Hydrangeas have made a remarkable comeback over the past few years mostly spurred on by the flower arranging community where the opulence of a bunch of hydrangea flowers always bring a touch of nostalgia along with them as well as the wow factor. Growing your own is a lot easier than one would think and with a few tips from us it will make all the difference.
Hydrangeas are commonly known as Christmas flowers in South Africa because they flower this time of the year. This month they are the pride of the garden as they come into full bloom, even with water rationing. There are new varieties which are repeat flowering giving you another flush of flowers in the New Year. Look out for the different colours of the Endless Summer range.
Where to Plant Them
Caring for Hydrangeas is easy. Growing just over a square meter or more they prefer morning sun or dappled shade all day. As long as they get protection from the heat of the day in a moist but well drained soil. If they are in too much shade they tend to get mildew on the leaves and don't flower well.
All Hydrangeas appreciate a little extra effort when they are first brought home. Although most will tolerate some neglect, they do best in a well-prepared garden bed. Dig the hole at least 2 times the size of the original container or bag. Next mix 1 part compost or acid compost to the excavated soil with a handful of Bone Meal or BioRock planting fertiliser to stimulate root strong roots. Add a handful of BioOcean for flowers and to encourage good growth. Insert the plant, mound the soil slightly and mulch with an additional layer of compost as a mulch.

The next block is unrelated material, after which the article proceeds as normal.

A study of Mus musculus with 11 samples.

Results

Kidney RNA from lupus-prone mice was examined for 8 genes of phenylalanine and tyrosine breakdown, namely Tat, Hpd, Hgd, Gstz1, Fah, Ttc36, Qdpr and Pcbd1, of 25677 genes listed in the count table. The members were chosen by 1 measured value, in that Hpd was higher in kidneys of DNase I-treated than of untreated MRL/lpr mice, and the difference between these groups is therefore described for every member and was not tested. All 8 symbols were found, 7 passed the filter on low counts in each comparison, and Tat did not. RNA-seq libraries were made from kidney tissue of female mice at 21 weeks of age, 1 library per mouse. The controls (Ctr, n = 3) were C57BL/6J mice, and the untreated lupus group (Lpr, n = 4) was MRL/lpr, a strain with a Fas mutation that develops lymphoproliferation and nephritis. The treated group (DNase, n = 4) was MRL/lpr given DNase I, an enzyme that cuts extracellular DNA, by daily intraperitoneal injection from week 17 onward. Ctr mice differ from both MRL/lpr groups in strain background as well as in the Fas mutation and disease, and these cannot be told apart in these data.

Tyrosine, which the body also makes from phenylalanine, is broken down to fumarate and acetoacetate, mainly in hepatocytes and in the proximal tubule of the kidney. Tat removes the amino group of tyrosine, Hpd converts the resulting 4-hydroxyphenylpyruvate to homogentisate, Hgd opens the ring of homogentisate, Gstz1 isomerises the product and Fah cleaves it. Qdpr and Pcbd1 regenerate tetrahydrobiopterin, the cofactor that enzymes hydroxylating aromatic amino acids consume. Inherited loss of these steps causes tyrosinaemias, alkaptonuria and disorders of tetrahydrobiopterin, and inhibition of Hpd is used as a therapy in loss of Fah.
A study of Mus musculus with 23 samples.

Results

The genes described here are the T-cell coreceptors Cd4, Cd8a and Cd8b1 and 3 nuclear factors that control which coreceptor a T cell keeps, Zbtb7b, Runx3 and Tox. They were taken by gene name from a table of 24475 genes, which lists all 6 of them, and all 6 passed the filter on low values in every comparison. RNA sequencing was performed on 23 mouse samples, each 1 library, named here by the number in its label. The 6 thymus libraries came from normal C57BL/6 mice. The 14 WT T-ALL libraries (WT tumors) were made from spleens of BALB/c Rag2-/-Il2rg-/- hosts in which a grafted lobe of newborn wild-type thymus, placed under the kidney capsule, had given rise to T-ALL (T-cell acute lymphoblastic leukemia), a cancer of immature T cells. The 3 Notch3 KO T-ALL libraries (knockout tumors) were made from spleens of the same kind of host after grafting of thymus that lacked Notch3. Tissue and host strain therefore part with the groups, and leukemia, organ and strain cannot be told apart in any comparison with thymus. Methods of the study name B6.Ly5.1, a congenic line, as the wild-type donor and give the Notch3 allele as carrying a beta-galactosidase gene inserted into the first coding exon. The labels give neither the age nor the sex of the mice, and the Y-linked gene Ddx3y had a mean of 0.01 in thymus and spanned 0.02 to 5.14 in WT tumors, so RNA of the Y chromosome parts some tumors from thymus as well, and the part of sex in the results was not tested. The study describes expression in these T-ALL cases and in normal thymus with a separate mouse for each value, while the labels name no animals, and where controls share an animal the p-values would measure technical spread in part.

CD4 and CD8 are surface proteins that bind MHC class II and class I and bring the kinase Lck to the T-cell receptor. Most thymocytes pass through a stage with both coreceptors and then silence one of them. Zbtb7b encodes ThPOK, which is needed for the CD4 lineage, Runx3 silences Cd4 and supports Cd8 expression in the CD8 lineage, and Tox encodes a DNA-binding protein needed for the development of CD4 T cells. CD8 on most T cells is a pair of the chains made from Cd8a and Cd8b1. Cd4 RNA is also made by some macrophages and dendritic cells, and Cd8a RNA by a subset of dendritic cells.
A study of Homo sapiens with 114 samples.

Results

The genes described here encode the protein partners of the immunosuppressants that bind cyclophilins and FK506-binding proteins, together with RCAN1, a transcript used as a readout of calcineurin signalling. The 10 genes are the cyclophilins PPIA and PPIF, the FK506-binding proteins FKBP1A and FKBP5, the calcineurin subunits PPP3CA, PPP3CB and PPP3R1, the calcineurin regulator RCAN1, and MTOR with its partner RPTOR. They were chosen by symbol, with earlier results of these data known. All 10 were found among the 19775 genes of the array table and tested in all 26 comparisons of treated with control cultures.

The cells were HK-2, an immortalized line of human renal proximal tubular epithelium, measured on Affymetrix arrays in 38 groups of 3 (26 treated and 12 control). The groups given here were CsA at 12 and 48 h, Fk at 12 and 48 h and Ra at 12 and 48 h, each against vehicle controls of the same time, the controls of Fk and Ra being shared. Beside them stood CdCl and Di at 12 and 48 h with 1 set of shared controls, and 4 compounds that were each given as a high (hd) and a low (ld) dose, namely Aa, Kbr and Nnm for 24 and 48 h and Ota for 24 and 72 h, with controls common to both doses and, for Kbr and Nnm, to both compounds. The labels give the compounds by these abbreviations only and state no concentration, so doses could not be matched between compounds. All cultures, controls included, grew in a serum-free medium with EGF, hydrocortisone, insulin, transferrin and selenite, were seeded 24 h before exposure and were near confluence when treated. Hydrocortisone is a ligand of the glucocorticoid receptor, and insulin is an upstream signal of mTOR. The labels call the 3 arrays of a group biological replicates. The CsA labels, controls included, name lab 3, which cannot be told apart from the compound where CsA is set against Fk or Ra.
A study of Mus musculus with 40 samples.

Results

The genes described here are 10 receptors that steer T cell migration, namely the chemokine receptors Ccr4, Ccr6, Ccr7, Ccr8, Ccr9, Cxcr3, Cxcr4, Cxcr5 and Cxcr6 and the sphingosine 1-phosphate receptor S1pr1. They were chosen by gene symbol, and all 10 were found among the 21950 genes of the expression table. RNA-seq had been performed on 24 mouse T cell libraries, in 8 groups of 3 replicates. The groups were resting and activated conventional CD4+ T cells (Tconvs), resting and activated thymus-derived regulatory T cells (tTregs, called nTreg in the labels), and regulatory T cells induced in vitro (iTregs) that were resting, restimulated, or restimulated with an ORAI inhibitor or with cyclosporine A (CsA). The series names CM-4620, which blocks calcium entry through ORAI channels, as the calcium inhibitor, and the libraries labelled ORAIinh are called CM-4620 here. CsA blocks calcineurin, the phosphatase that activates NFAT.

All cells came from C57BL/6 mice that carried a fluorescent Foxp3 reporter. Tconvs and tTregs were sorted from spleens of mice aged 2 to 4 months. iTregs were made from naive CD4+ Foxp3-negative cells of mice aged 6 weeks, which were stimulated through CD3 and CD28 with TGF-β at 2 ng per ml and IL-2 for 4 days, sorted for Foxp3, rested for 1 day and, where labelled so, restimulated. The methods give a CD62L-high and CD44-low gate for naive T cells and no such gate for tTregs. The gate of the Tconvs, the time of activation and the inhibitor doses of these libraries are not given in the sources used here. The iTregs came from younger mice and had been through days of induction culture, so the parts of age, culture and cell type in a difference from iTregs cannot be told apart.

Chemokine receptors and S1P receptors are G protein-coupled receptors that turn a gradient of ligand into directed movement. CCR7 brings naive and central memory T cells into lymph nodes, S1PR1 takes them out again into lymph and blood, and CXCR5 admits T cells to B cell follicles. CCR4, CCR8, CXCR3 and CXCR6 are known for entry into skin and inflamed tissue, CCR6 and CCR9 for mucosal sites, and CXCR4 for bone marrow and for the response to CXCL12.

On the traditional varieties the colour of the blooms is influenced by the pH of the soil - blue if acid and pink if alkaline. To influence the colour for blue, use Shake and Grow Blue or add eggshells to the soil. Acid Compost is also a good way to influence acid soil. To influence pink blooms, fertilise with Shake and Grow Pink or add Agricultural lime.
White Hydrangeas stay white. Their colour won’t change with soil ph. There are hybrid varieties on the market these days that don’t change colour but the colour can be intensified by sorting out the soil.
When they are not as Happy
Although hardy and relatively disease free there are a few things that can hamper the performance of your Hydrangeas. Hydrangeas are susceptible to iron chlorosis which is the yellowing of the leaves over time.
In contrast to nitrogen deficiency, which is expressed as general yellowing of old leaves, iron chlorosis is found on new leaves where the green veins are visible on yellow leaves. Iron chlorosis can be corrected by the addition to iron to the soil. The best way to do this is to use Iron Chelate and you should begin seeing results in a couple of weeks. Apply the iron yearly or whenever symptoms reappear.
As a generic non colour influencing food the Starke Ayres Hydrangea food includes iron so your plants get their iron fix right through the year.
In autumn they turn a lovely golden yellow and then you prune them in July do it sparingly as they flower on old wood from the previous summer. Our guide is always cut them back to the first double bud no matter how high it is on the stem.